Crostata di Marmellata

A crostata di marmellata by its English name would simply be a ‘jam tart’. I was inspired to make this Tuscan version following my recent week in Tuscany.

Unlike its sophisticated French cousin – the tarte – the crostata is a rustic affair. It’s the kind of simple tart put together by your nonna (grandmother). A real nonna, however, unlike this English version writing for you now, would have made the jam from scratch rather than buying a jar in the supermarket (albeit the best jam she could find there).

A form of crostata can be traced back as far as the 15th century and Pellegrino Artusi gives a recipe in his famous book, La Scienza in Cucina e l’Arte di mangier bene (science in the kitchen and the art of eating well), a ‘bible’ to serious Italian cooks, which was published in 1891:

Per crostate io intendo quelle torte che hanno per base la pasta frolla e per ripieno le conserve di frutta o la crema.

A basic translation of which is that crostatas are tarts made from a base of shortcrust pastry and filled with fruit conserve or cream (a patisserie cream, i.e. custard).

Although, as Artusi states, the crostata might be filled with custard, or sometimes fruit, the simplest and most common version – often seen sitting on counters in cafes in Tuscany to have with your morning cappuccino – have a simple jam (marmellata) filling. It’s basically just an open tart, more usually baked nowadays in a tin, but perhaps roughly shaped on a baking tray.


Crostata di Marmellata 

  • 1 jar (about 350g) jam of your choice
  • 1 beaten egg, for glaze

Sweet Shortcrust Pastry

  • 225g plain flour
  • 150g butter
  • 50g caster sugar
  • 1 egg yolk
  • 1 whole egg

Make the pastry. Put all the ingredients in a food processor. Process just until it all comes together in a ball. Remove onto a piece of clingfilm, flatten a bit, wrap the film round and then put in the fridge for about 15 minutes.

Grease a 24cm loose-bottomed flan tin with butter. Sift a little plain flour over it and shake to cover and tip out excess. This preparation ensures your flan will come out of the tin easily after cooking and not stick to the bottom.

Roll out three-quarters of the pastry on a well-floured surface. It’s quite a soft dough because of the high butter content (which also makes it lovely to eat!). Line the flan tin.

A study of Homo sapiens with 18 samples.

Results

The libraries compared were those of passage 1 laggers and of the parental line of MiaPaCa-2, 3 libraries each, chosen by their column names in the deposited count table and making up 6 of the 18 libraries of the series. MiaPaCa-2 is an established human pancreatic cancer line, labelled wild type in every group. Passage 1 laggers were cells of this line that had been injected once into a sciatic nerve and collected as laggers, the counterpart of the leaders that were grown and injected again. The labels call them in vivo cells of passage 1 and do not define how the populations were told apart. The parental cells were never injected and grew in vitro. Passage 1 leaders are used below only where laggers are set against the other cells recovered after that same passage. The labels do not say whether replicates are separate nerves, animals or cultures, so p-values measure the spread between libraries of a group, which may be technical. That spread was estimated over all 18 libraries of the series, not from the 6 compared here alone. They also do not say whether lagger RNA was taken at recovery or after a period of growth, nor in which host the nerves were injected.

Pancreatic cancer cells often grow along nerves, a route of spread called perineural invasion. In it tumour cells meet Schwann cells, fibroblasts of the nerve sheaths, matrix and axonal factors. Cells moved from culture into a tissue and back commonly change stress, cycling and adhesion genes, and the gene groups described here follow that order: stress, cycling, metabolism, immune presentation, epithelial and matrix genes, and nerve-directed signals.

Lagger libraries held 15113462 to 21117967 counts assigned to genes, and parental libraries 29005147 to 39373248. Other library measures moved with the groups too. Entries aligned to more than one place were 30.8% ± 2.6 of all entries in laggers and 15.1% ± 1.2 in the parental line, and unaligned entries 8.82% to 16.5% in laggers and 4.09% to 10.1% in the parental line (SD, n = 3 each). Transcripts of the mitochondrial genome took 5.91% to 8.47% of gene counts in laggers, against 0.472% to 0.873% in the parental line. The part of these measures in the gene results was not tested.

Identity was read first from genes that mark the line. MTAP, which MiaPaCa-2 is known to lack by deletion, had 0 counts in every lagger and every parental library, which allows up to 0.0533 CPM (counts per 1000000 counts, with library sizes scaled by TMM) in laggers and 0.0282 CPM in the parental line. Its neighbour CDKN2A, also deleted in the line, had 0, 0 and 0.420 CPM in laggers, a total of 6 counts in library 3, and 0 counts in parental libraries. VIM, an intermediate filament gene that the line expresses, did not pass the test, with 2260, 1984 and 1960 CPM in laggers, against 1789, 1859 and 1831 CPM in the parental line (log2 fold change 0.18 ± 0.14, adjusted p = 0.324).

Fill the pastry case with jam (I used most of my jar to get a good covering). Roll out the remaining pastry. Use (if possible, otherwise just a knife) a pastry cutter to get a nice crinkle effect, to cut out strips of pastry to make a lattice shape over the jam. Before anyone tells me, I know this isn’t a ‘proper’ lattice, because I haven’t woven the pieces in and out, but I’m not on Bake Off and this is supposed to be a ‘rustic’ tart … so an easy (if lazy!) method justified.


Brush the pastry with the beaten egg so it browns nicely. Put the tart in a preheated medium-hot oven (200C/180 Fan/Gas 6) for about 20 minutes, or until the pastry is a lovely light golden brown.

Remove from the oven and allow to cool in the tin for a few minutes. Then carefully transfer to a serving plate.

I used strawberry jam (though apricot and berries are popular in Tuscany) so I served with some fresh strawberries on the side and a bowl of Cornish clotted cream (OK, definitely not Italian but I love it so much I use it any time I get the chance, and if you think of classic Scones + Jam + Clotted Cream, it’s not so very different to have Sweet Pastry + Jam + Clotted Cream).

Inevitably, it is quite sweet so I cut modest portions. But the pastry was light and very delicious; the jam just right amount with it. The clotted cream and fresh strawberries (well it is June and the best time for British strawberries) perfect accompaniments..

The crostata was a big success with the family. Son Jonathan sneaked a second helping when his son Freddie wasn’t looking … Freddie had been told he had to wait until tomorrow for more. Most of the remains went home with them. I think it’s a tart to be eaten up fairly quickly while still fresh and the pastry at its best. It’s such an easy dessert to make and yet a real family winner.